The Misfits epitomizes a certain type of Hollywood modernist aesthetic: a film about Big Ideas that draws on the cultural capital of the old studio system. Written by the prestigious playwright Arthur Miller as “a valentine” to his wife Marilyn Monroe and directed by John Huston, The Misfits is certainly memorable in how it takes a modernist approach to depicting the traditional Western through a constellation of star actors: Monroe, Clark Gable, and Montgomery Clift, and with strong support from Eli Wallach.
By evoking the lost promise and ongoing cost of Western expansion, The Misfits envisions post-war America as a fun-house mirror of more typical Hollywood fare about emergent social frontiers, such as the pursuit of corporate ladder-climbing. Taking the motif of alienation that buttressed films such as Rebel Without a Cause (1955) and transplanting it to the Nevada desert, The Misfits shows us a darker side of the macho cowboy myth by aligning it with a disturbing final scene of animal cruelty.
At times, the pacing appears almost lethargic, as if the conditions of the film’s making had bled onto the screen. Miller and Monroe’s marriage was exhausted: they’d divorce right before the film’s premier in 1961. Managing her stress by being heavily medicated throughout the shoot on prescription pills and alcohol, Monroe had difficulties getting to the set on time and remembering her lines. Besides the delays and disruptions caused by Monroe, the declining health of Gable and Clift and the extreme heat of the Nevada desert were also contributing factors.
Miller, who had markedly little screenwriting experience, devises not a love triangle, but a rather convoluted quadrangle. The newly-divorced Roslyn (Monroe) is courted by Gay (Gable), a veteran cowboy and confirmed bachelor, Guido (Wallach), his best friend and widower, and Perce (Clift), a rookie from the rodeo circuit.
Roslyn is the sun around which the three men orbit. They all claim that they need her, each, in a similar speech, telling her that she’s a “life force.” Surely that’d be strange to hear in a traditional Western, and it sounds more as if Miller is channeling the Actors’ Studio than any frontier sage. In particular, it saddles Monroe with a difficult challenge: how do you perform the role of a cosmic influence? Miller’s leaning on the symbolic in scripting the interactions among these wayward drifters results in any number of scenes where the action tends to lag behind the dialogue.
In time, we hear all of the characters’ damaged backstories. The present is receding and the plot keeps turning inwards and looping back, a sort of No Exit (1944) with sagebrush. Having the clearest vision and most awareness, Gay still can’t crucially discern how the frontier landscape has changed, but, then again, neither can we, as Huston shoots primarily in close-ups, giving us precious little of the scenery we’d expect to see in a traditional Western.
Miller intends to build the action to the closing set-piece. Just as soon as Gay has made a provisional home for Roslyn and himself from a house that Guido abandoned on the outskirts of town, he then recruits her to join him, Guido, and Perce in a lengthy trek to the canyons to capture and sell wild mustang horses.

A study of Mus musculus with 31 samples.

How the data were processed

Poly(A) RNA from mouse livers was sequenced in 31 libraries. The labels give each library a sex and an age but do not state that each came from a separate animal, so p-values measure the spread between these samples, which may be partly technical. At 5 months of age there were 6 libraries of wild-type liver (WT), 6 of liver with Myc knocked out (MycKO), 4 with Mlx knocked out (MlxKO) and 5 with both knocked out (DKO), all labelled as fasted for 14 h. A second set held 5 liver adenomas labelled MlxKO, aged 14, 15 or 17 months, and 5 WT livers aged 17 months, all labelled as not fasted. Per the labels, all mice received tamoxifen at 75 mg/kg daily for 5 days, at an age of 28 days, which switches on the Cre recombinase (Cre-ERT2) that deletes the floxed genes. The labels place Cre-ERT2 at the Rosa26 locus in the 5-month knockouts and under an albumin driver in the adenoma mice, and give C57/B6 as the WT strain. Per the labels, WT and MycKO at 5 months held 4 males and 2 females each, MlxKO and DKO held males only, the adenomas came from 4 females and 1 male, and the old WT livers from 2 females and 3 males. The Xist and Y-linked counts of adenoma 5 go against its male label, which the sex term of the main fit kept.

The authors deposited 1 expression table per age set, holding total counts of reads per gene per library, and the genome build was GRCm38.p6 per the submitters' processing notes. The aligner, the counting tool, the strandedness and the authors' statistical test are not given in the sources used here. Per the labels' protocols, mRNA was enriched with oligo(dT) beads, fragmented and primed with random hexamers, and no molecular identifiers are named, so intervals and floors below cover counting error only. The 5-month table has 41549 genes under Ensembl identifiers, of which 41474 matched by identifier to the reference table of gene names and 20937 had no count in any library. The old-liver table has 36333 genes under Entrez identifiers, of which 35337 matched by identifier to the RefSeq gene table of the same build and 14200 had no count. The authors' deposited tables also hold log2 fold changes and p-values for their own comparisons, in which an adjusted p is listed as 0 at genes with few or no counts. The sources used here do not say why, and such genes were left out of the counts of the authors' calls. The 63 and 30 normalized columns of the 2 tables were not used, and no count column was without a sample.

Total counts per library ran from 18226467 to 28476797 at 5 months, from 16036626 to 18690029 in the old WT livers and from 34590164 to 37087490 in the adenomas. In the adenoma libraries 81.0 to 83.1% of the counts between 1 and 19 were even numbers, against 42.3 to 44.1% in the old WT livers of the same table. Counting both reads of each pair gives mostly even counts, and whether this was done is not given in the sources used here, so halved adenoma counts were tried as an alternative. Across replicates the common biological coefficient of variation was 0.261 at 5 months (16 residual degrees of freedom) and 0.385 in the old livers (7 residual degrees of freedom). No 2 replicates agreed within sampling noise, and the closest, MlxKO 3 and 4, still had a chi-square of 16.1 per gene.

Turns out it’s a very bad idea for a romantic date – the night under the stars the next day becomes a scene that resembles grind-house cinema. Nothing if not brutally honest, at least with Roslyn, Gay is compelled to tell her what they’re really up to, which is to consign these horses, the last of their breed, to a fate as dog food. For Gay it’s how he stays free of the prison of “wages,” and why he refuses to identify with the horses’ plight. For the moment, he overlooks the biggest symbol Miller has dropped right in front of him and us: independent cowboys, like the horses, are on the verge of extinction.
Moving us closer into Roslyn’s head space, the film piles on the misery. There are fewer horses than the men had expected, and they’re emaciated from hunger. Chasing them down with a truck is hardly a fair fight. Gay and Perce show off their manly cowboy skills, roping the horses, and when the horses are exhausted, pulling them down, and loosening the ropes just enough so they don’t suffocate as they await their end.
Shot for once against the immense blankness of the desert, Roslyn loses it. We can just barely make out what she”s screaming in the distance,
Horse killers! Killers! Murderers! You’re liars! All of you, liars! You’re only happy when you can see something die! Why don’t you kill yourself to be happy? You and your God’s country! Freedom! I pity you! You’re three dear, sweet, dead men!
After the impressive feat of singlehandedly capturing the last horse, the lone stallion (again, the symbolism is hard to miss), Gay cuts all of the horses loose. He’s come around to Roslyn’s way of thinking, a triumph of her life force – you can practically see it penciled in the margins of the script.
In a speech that anticipates what we’d hear a year later in the revisionist Westerns, The Man Who Shot Liberty Valence, Ride the High Country, and Lonely Are the Brave, Gay mutters,
Damn ’em all. They changed it, changed it all around. Smeared it all over with blood. I’m finished with it. It’s like roping a dream now. I just gotta find another way to be alive, that’s all. If there is one anymore.
Well, if there’s another way of life possible, more likely than not, it’ll involve wages. That doesn’t seem to matter all that much, though, as Gay and Roslyn drive off into the night. While leaving much of what we’ve seen unresolved is the kind of psychological compulsion that’s the stock in trade of modernism, The Misfits rather than serving up its poetry raw, which makes for the most engaging Westerns, serves it up somewhat overcooked.